Wednesday, December 8, 2010

BABIES, There are BABIES!

I like composting.  When we moved from Virginia I gave my worm bin to a fellow Master Gardener so I needed to find a way to compost in our new home.  We  bought a tumbler composting container.  Once the first tumbler was full (rather too heavy to roll every easily) we got another.  Since we take our trash to the recycling center, any amount we are able to compost helps.....that and we have clay soil and could use all the compost we can get. They tuck nicely into the tree line, near the deck steps.

 Well, I still wanted some worms.  Since we had a number of plastic bins that we used to move some things down here I was ready to get a bin started.  I was so careful drilling the holes in my first bin, not so this time.  I got the drill and just started making holes.

The worms need air circulation, so the lid and the top 1/3 of the sides have holes.  Inside there is a nice bed of shredded newspaper, as damp as a wrung out sponge.  On top of the shredded paper is a section of newspaper, also damp.  
I first bought two containers of red worms.  I went to the bait store, I did this in Virginia to augment the worm population.  One thing I forgot about was light................ about half of the first group escaped.  When you set up a new bin sometimes the worms are a little wild and can roam.  I don't know what their issue is, maybe they are just a little shook up from being in the new digs.  Now we have a lamp on next to the bin.  It is a small wattage CFL, so it doesn't bother me too much to leave it on....  'tis better than finding half the worms stuck to the floor in the morning.  I did stop by the bait store for another container of worms.


I keep the bin in the storage area on the lower level of the house.  To start a bin you add small amounts of food, you don't want stuff to get rotten waiting for the little guys to chow down.  Tonight while downstairs letting the dogs out I checked the bin.  Guess what I saw on the side of the container???? Well, ok, I did give it away with the title, a baby worm!!!!
 Just to the right of the words 'BABY WORMS' is the little guy.  This is exciting because it means they are happy in their new home.   I can soon start to increase what I add to the bin.  I have a melon sitting on the counter that we need to cut and eat.  Worms LOVE melon rinds.  They will be thrilled!
To give you a better perspective on the size of the worm, here is the larger picture.
Worm bins are kind of fun, they don't stink, and they produce some great compost material.  Go worms!!!
For some good web references on vermicomposting here are a couple sites--
Cooperative Extension- http://www.ces.ncsu.edu/chatham/ag/SustAg/vermilinks.html-- this one has a lot of links
and the one I started with--
http://whatcom.wsu.edu/ag/compost/redwormsedit.htm  Give it a try, it is easy!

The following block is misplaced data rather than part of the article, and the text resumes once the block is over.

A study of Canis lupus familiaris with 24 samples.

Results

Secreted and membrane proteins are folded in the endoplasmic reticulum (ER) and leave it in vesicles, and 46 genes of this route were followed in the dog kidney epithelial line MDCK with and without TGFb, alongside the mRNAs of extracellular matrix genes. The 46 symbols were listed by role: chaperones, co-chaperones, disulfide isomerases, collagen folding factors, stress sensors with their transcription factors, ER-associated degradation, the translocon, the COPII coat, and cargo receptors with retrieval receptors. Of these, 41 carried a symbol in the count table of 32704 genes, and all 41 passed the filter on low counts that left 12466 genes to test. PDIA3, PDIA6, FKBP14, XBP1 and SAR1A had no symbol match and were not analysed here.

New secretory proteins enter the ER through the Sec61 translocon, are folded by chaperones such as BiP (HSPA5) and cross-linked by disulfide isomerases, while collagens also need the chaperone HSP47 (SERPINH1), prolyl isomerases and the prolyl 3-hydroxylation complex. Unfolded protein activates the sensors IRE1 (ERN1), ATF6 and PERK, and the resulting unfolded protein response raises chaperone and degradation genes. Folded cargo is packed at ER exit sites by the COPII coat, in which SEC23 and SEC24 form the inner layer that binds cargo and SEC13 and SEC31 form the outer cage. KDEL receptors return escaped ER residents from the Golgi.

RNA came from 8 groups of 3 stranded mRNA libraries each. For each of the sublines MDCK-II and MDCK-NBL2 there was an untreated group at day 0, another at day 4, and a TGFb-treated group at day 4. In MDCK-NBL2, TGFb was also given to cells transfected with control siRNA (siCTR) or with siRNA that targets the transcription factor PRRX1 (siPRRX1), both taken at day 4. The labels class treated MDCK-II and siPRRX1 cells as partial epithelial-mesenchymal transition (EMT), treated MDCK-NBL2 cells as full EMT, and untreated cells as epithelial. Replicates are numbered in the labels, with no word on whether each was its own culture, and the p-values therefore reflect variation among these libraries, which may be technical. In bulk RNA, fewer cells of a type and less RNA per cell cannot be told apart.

words and photos by Janet,The Queen of Seaford.

13 comments:

  1. This looks fun Janet. I just wrote on Racquels blog about needing a compost system. I can handle this method too. I'm going to have to seriously consider it. I'd love the rich compost.




    Strange though how your worms managed to escape. The worm bin holes are pretty small.


    I loved (and laughed about) "Go worm"! They almost become simpatico the longer one reads - but you'll get into trouble if you give them names :-) "One looks like the other" says the naive reader. "Oh NO!" you protest, "you only have to look carefully!" I had my composter in the garden and was thrilled that they came on their own - and in Hamburg I saw that it was good soil when I detected them inside.
    Here in Berlin now you can say: "Go warm!" because it snows a lot.
    Good luck with your little protégés!

    Frances

    Good for you to add worm composting again! And don't forget how easy it is to do passive cold composting. Just keep piling it up!

    Best,
    Lisa






    Tina- You ought to try it, so super easy.

    Janet- Sorry yours has to be in the garage. I had mine in the laundry room when we lived in Virginia. When I had a lot of fluid in the bottom I used a ladle and got it out. Most additions of food I also added more shredded paper, so the liquid wasn't too much.

    Chris- thanks for visiting. I will read through your posts about your worm bins. My worms escaped through the gap between the lid and container. There is a small space.

    Rose- thanks!!! Pretty excited. They are not scary worms, though my husband calls them red snappers. Just felt bad when they were dead on the floor.

    Britta- haha no, not naming them, that would be kind of crazy. Enjoy Berlin, one of my favorite cities.

    Frances- it is kind of out of the ordinary to cheer about a baby worm. oh well. it is exciting none the less.

    Lisa- thanks I do all sorts of composting.

    Sweetbay-I do love that black gold!

    Kathleen- thanks!

    Gail- haha, midwife indeed! thanks

    Racquel- it is so easy and soooo beneficial.